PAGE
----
More than 3,600 Chicagoans living with HIV received primary care services during the first year of a partnership between the Chicago Department of Public Health, University of Illinois at Chicago and Howard Brown Health.
In an effort to curb violence, Mayor Rahm Emanuel has directed resources to expand mentoring programs in Chicago Public Schools. A new effort is targeting young men and women who aren’t in school.
Mavis Staples, a roller skating party and spirited festivals usher in the weekend. Here are 10 things to do in and around Chicago.
David J. Steiner died Monday while travelling through a small Ugandan village. He was there to screen his film “Saving Barbara Sizemore,” a documentary made with Englewood teens about their fight to keep their charter school open.
International films, behind-the-scenes access and migrating hawks usher in the weekend. Here are 10 things to do in and around Chicago.
A brand-new grocery store opens its doors in one of the city's food deserts. What does it mean for neighbors in Englewood?
As homicide rates in Chicago soar, a new street festival looks to highlight the positive side of a South Side community that often makes headlines for crime.
A new documentary highlights the work of five grade schoolers who worked to keep Barbara A. Sizemore Academy open after CPS voted to shut it down late last year.
Cheer on Chicago athletes, shop for fall accessories, take in an outdoor movie, sip sangria on a sprawling lawn, run through mud, watch dashing dogs and more this weekend.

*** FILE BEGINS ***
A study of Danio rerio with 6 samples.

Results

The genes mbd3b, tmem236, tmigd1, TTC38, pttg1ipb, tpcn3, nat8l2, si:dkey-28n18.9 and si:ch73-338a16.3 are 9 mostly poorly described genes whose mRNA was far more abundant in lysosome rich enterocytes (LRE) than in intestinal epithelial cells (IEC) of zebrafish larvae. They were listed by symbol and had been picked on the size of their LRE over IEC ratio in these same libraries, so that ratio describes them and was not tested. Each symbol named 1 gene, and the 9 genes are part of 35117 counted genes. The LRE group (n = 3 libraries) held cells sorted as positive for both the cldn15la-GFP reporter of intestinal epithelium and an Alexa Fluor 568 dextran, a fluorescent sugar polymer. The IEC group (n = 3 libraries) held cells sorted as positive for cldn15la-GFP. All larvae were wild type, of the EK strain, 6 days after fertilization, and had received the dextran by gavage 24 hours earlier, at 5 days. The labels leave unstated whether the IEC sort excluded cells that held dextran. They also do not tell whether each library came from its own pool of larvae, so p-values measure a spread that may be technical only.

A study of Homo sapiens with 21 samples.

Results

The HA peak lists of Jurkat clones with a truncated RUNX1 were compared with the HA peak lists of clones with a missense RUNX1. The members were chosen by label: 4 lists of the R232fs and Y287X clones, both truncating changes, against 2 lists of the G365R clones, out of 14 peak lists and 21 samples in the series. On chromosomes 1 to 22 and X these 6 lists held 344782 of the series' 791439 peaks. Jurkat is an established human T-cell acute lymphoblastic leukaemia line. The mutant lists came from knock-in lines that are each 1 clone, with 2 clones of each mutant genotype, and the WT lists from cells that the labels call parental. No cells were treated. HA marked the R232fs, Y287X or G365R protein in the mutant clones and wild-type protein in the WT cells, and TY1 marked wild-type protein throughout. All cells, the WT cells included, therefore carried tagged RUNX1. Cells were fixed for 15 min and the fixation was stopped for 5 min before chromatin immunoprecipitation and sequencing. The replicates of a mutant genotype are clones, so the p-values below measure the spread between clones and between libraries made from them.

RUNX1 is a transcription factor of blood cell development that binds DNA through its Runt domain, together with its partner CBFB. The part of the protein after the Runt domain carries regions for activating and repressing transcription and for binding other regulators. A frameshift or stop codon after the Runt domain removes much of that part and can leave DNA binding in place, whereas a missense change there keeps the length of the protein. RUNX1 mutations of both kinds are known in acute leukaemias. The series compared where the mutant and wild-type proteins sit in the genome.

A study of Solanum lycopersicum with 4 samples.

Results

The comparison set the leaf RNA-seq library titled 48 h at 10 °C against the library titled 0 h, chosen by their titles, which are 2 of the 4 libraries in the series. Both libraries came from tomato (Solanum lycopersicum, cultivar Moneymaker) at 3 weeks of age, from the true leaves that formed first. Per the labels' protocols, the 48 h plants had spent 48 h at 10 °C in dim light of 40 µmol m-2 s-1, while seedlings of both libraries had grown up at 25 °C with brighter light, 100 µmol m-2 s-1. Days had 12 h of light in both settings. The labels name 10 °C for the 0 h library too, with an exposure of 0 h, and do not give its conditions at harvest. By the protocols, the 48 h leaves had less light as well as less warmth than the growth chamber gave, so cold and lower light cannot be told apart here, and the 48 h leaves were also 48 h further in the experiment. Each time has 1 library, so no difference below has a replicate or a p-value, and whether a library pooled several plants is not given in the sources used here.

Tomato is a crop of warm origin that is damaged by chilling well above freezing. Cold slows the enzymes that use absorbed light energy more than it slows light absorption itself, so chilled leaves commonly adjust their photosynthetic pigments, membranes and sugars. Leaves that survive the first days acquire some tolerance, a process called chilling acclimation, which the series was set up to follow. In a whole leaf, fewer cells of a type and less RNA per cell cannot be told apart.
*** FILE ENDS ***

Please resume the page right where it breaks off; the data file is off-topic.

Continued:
For the 54th year, the Englewood Back to School Parade celebrates education and pride on the South Side.
Meet the woman who makes her living hosting visitors from all over the world in every nook and cranny of her four-bedroom, two-bath home in the Englewood neighborhood on Chicago’s South Side.
It's still months away from opening, but a new Whole Foods store in the beleaguered Englewood community has given residents and local entrepreneurs a lot to look forward to.
Three Chicago charter schools are celebrating a victory today: a state commission has ruled they will be able to remain open, despite Chicago Public Schools' plans to close them for poor performance.
The state's oldest and largest social service agency announces it will eliminate 30 programs and 40 percent of its staff. We bring you more on this and other news out of Springfield with Amanda Vinicky.
For three hundred South and West Side Chicagoans, a summer job meant more than just a few extra bucks – it may have also meant a safer community. A pilot program called Target 7-11 H.I.T. paid neighbors in Englewood and the west side of Garfield Park to work as violence interrupters, during what is a notoriously deadly time of year for those communities. Brandis Friedman explains how it works.